At myNQDC.com, we keep our articles and FAQs current right up to the minute, with important updates and practical additions on key topics in nonqualified deferred compensation. Recent enhancements include ideas and strategies for NQDC-related financial planning after the tax increases that took effect this year. Below we outline major additions and updates at myNQDC.com during the past few months.
Top Issues To Consider When Making Salary Deferrals Into Your Nonqualified Plan For 2014
As the tax rules require next year’s NQDC deferrals to be elected before the current year ends, many plan participants are now making decisions about their deferrals for 2014. In fact, the fourth quarter is the most common period in which companies require NQDC participants to make salary deferral elections for the year ahead. In 2013, one new development is the need to consider this year’s tax increases, including the Medicare surtax on investment gains (these tax hikes were still uncertain at the end of 2012). Issues to consider in your decision-making at enrollment include the following.
1. Maximizing the amount you can contribute to your 401(k) plans. You should participate in the NQDC plan only if you can also afford the maximum annual contributions to your qualified deferral plans, as those are fully funded and protected by ERISA.
2. Cash needs for the year ahead and multi-year projections for your income. At a minimum, these considerations will tell you whether you have extra cash to defer. Your cash-flow projections should factor in all sources of income, including equity compensation, against spending needs in the near future to help you decide how much to defer.
3. The financial security of your company, and your job security. If you have concerns about your company’s solvency, you may want to avoid contributions to nonqualified plans because of the risks presented by corporate bankruptcy. Any potential for job loss may also make NQDC deferrals unwise. If you lose your job during the deferral period, the income in the plan will be distributed to you immediately, triggering taxes you may not want to pay at that time.
4. Company match. Though company matches are not as common in NQDC plans as they are in 401(k) plans, if a company match requires you to contribute a certain amount to your NQDC plan, you will need to consider deferring at least that minimum.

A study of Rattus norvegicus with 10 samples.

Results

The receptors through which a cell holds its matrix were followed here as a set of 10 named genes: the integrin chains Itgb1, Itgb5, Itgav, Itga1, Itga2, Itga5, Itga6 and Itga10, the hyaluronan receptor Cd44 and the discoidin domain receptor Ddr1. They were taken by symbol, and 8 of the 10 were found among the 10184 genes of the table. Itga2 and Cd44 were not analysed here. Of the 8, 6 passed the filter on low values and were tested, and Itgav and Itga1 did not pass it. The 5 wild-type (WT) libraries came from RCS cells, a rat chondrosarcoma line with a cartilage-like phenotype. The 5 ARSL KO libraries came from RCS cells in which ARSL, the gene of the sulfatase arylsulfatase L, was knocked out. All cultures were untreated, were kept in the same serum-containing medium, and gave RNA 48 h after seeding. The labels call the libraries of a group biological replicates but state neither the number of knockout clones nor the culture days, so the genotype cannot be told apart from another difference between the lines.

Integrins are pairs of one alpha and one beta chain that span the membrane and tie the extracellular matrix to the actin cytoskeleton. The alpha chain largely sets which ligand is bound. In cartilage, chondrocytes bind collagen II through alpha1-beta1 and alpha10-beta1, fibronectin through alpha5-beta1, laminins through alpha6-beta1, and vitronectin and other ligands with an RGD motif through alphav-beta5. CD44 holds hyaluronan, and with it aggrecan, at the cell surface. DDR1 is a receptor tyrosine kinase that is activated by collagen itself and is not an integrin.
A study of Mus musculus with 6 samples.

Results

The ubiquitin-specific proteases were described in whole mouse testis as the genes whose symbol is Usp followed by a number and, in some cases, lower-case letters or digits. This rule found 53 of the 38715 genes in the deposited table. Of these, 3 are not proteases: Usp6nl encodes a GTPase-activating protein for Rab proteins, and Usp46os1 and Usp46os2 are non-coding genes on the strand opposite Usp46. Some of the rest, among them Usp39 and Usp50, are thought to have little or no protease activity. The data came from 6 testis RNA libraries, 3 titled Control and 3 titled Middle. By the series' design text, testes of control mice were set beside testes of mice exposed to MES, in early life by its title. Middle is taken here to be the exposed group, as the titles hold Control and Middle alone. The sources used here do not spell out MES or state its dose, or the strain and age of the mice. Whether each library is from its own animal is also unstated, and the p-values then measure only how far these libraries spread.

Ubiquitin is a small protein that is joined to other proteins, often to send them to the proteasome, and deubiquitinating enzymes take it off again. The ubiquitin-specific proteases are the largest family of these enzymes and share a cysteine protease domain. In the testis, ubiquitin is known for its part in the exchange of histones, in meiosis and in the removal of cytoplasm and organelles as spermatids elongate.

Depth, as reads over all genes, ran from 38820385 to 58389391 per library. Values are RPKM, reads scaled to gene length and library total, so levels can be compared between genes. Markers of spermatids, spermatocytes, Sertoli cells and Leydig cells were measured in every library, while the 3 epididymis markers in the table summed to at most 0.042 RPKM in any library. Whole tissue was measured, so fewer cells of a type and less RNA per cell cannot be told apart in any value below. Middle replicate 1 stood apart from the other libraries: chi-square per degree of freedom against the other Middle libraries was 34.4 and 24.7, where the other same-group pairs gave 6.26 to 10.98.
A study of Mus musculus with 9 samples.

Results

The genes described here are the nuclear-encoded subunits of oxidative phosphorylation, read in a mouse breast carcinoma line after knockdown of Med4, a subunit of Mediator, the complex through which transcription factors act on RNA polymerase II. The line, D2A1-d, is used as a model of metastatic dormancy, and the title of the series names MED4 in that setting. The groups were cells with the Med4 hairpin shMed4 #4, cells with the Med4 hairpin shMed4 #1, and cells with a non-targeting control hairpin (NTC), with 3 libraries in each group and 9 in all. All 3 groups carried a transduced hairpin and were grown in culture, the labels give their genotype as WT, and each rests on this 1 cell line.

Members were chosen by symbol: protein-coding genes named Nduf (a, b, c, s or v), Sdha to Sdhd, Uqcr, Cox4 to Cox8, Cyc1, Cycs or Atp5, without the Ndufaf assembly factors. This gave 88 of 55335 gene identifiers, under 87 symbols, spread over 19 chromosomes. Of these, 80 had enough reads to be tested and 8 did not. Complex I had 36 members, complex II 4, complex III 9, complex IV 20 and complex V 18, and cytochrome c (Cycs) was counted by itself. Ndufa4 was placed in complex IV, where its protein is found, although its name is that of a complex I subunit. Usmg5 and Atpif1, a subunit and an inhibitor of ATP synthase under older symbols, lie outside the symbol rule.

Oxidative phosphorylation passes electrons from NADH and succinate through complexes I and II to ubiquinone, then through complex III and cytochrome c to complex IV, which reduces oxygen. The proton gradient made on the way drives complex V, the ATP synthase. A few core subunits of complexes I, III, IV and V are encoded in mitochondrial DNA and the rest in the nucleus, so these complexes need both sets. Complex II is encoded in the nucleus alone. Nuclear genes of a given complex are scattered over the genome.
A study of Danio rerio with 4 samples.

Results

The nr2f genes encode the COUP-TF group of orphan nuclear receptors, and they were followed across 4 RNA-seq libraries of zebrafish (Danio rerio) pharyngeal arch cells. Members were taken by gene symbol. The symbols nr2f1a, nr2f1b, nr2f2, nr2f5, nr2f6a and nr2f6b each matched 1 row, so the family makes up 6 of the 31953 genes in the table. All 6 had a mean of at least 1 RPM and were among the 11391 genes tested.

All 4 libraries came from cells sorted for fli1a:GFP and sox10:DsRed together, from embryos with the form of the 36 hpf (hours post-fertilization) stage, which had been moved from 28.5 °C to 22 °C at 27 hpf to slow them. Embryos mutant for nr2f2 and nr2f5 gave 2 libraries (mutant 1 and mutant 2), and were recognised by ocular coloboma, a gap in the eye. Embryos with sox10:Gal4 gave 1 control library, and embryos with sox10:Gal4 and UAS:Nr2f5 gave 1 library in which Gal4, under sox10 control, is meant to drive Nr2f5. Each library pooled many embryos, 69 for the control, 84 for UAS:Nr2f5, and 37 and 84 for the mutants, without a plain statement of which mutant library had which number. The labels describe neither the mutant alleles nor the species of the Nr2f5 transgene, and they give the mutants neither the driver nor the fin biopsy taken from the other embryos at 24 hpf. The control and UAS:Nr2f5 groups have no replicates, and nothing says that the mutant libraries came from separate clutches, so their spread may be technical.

5. The thresholds for higher taxes and rates. Higher tax rates make deferring income appealing. Consider whether the tax rate at the time of…
[Sign in at myNQDC.com to continue reading this FAQ, which is available to all registered users.]
Selected New & Updated FAQs
Sometimes, though rarely, NQDC plan participants can retain some nonqualified benefits after a corporate bankruptcy. For example, with executive retirees of General Motors who have a combined tax-qualified and nonqualified benefit in excess of $100,000 per year, amounts over that threshold are reduced by two thirds. (See a blog commentary on this topic by Mike Melbinger, a member of the myNQDC.com Advisory Board.) At Eastman Kodak, executives will also receive 4%–5% of their earned but deferred salaries and incentive awards in the form of the new Kodak’s common shares, which will be issued when the company emerges from Chapter 11. (A commentary at The myStockOptions.com Blog discusses the details of Kodak’s NQDC history and explains lessons about nonqualified plans that can be learned from the company’s bankruptcy.)
In addition to other means, credit default swaps can provide an indirect way to cover the value of your NQDC plan.
This ruling does affect NQDC plans, though somewhat indirectly, as changes in nonqualified plans will flow from the rules for qualified plans. In general, companies will also want their definitions of spouse and married to be consistent across all benefit and compensation plans.
A court decision this year demonstrated the need for companies to follow the FICA tax-timing rules if they want to avoid the risk of liability. If your former employer does not follow these rules, the company will be required to withhold Social Security and Medicare taxes on each future benefit payment to you rather than on a one-time basis. The Social Security tax (6.2%) is therefore applied each year up to the applicable wage base.
In addition to the federal penalty and extra federal tax you must pay if your company’s NQDC plan violates Section 409A, California residents also face a state income-tax penalty. The state just reduced this penalty from 20% to 5%.
Learning Center Offers NQDC Courses And CE Credit
In the myNQDC.com Learning Center, our courses of study and exams cover several NQDC subjects. These programs offer up to 6 continuing education credits for CFPs, 6 PACE credit hours for CLU® and ChFC® professionals, and 12 CPE hours for ASPPA members. The courses are dynamic, interactive learning tools that teach NQDC topics in a memorable way. The answer key for each exam also links to relevant content on myNQDC.com for further reading and study. The courses and exams in the Learning Center can be licensed and customized.